Anti-Fracking rally in Manchester attracts thousands of protestors

  • Thousands from all around the UK gathered in Manchester on Saturday to protest Fracking
  • Notable speakers included Andy Burnham, John Ashton, Bianca Jagger, Bez, who came to Manchester to show their support to the cause
  • Watch our full report from the day below

United Against Fracking protest attracts thousands to Manchester from Northern Quota on Vimeo.

The national protest against Fracking, the controversial fossil-fuel extraction method, this weekend attracted thousands to Manchester.

The rally began in Piccadilly gardens, with various organisations including Greenpeace, Friends of the Earth, Frack Off, the Green Party,  Frack Free Lancashire and Manchester Action on Climate Change were there to participate in the protest.

Bianca Jagger leading the line against fracking
Bianca Jagger leading the line against fracking
NQ reporter Sara Kengen
NQ reporter Sara Kengen filming the speakers

The crowd then marched to Castlefield where the special guests gave their rousing speeches.

crowd gathering in Castlefield
Crowd beginning to assemble in Castlefield

The protesters took the streets in the hope of raising awareness about the dangers of fracking, and to send a powerful message to the British Government.

Protesters holding placards outside Castlefield

Several of the attendees mentioned the Tory Government's recent overruling of Lancashire County Council's decision to ban the practice in its district. Lancashire’s citizens felt that their voices were not being heard or respected by Westminister.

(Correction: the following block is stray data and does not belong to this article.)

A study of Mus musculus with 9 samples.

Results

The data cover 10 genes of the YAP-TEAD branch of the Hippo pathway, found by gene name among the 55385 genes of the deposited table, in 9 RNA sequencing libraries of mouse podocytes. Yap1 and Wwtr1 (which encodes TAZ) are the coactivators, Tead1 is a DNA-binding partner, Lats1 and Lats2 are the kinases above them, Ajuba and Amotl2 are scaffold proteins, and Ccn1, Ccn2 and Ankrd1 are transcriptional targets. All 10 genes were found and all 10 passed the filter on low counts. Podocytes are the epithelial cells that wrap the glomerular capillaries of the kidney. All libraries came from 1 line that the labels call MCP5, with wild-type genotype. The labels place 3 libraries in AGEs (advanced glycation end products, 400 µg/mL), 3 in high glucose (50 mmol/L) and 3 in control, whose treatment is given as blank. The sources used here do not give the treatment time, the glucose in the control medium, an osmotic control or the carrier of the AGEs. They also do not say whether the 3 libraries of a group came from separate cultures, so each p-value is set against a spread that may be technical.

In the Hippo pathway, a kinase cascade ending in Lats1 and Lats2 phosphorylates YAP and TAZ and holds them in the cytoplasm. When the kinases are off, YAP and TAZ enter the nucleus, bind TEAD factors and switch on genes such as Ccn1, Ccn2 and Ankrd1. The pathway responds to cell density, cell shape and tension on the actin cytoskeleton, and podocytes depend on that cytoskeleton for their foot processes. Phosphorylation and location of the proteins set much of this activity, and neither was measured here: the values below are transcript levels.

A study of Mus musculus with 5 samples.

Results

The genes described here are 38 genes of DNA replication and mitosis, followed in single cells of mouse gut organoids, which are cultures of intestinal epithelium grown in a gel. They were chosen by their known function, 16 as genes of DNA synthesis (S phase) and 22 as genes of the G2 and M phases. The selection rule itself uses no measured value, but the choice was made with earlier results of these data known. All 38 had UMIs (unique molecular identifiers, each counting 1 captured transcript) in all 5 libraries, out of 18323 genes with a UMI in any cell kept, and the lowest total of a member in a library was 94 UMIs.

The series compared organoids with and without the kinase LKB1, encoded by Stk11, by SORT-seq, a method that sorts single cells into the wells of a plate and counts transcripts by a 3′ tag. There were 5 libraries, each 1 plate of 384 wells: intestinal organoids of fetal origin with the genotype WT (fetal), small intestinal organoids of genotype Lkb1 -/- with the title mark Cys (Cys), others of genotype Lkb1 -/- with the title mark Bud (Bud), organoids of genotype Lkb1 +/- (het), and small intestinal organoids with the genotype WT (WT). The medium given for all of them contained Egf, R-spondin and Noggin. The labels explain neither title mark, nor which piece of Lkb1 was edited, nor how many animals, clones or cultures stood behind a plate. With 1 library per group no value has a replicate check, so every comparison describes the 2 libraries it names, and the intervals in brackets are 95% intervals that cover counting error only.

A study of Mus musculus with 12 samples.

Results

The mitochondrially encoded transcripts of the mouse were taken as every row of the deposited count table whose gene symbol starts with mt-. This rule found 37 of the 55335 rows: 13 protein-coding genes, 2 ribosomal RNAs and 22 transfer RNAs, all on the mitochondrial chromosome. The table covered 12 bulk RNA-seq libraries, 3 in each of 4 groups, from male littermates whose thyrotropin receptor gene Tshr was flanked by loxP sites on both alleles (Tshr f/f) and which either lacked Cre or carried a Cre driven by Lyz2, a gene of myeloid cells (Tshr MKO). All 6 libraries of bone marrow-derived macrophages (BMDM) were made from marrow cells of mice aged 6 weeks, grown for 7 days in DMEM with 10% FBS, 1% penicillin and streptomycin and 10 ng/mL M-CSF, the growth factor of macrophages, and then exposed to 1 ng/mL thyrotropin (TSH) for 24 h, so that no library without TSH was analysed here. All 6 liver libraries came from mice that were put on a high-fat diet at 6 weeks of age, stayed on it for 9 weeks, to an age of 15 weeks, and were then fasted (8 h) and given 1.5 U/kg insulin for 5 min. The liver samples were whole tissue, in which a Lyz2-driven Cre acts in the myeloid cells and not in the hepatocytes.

Statue protest
Even the statues were encorpoated into the protest!

Andy Burnham, Manchester’s mayoral labour candidate, described what happened as “disgraceful."

Andy Burnham speaking to the crowd
Labour's Manchester Mayoral candidate, Andy Burham, speaking to the crowd

The anti-fracking activists expressed two major concerns:

The first one concerning the potential detrimental environmental impact that Fracking poses. They voice anger at the gas exploration and production companies like Cuadrilla, who own the Fracking wells, and plan on opening them in Britain. Raising concern about air and water pollution, earthquake arising near Fracking wells, and damage to nature, the protestors made compelling cases against the disputed gas extraction practice. According to them, renewable energies are safer and efficient than fracking.

NQ Editor Miles Casey
NQ reporter Miles Casey on the front-line

The second concern is about the potential negative impact on health Fracking could bring if it was to be allowed in the UK. Those representing the Anti-Fracking movement said that air and water pollution caused by fracking are significantly harmful to human health. They urged the government to look at the evidence of fracking’s negative effects and to take action against it.

Cuadrilla is yet to give The NQ a comment. 

What are your thoughts on Fracking? Are you concerned about the detrimental impact it will have on the environment and our health, or do you see it as a way for Britain to become more energy-independent?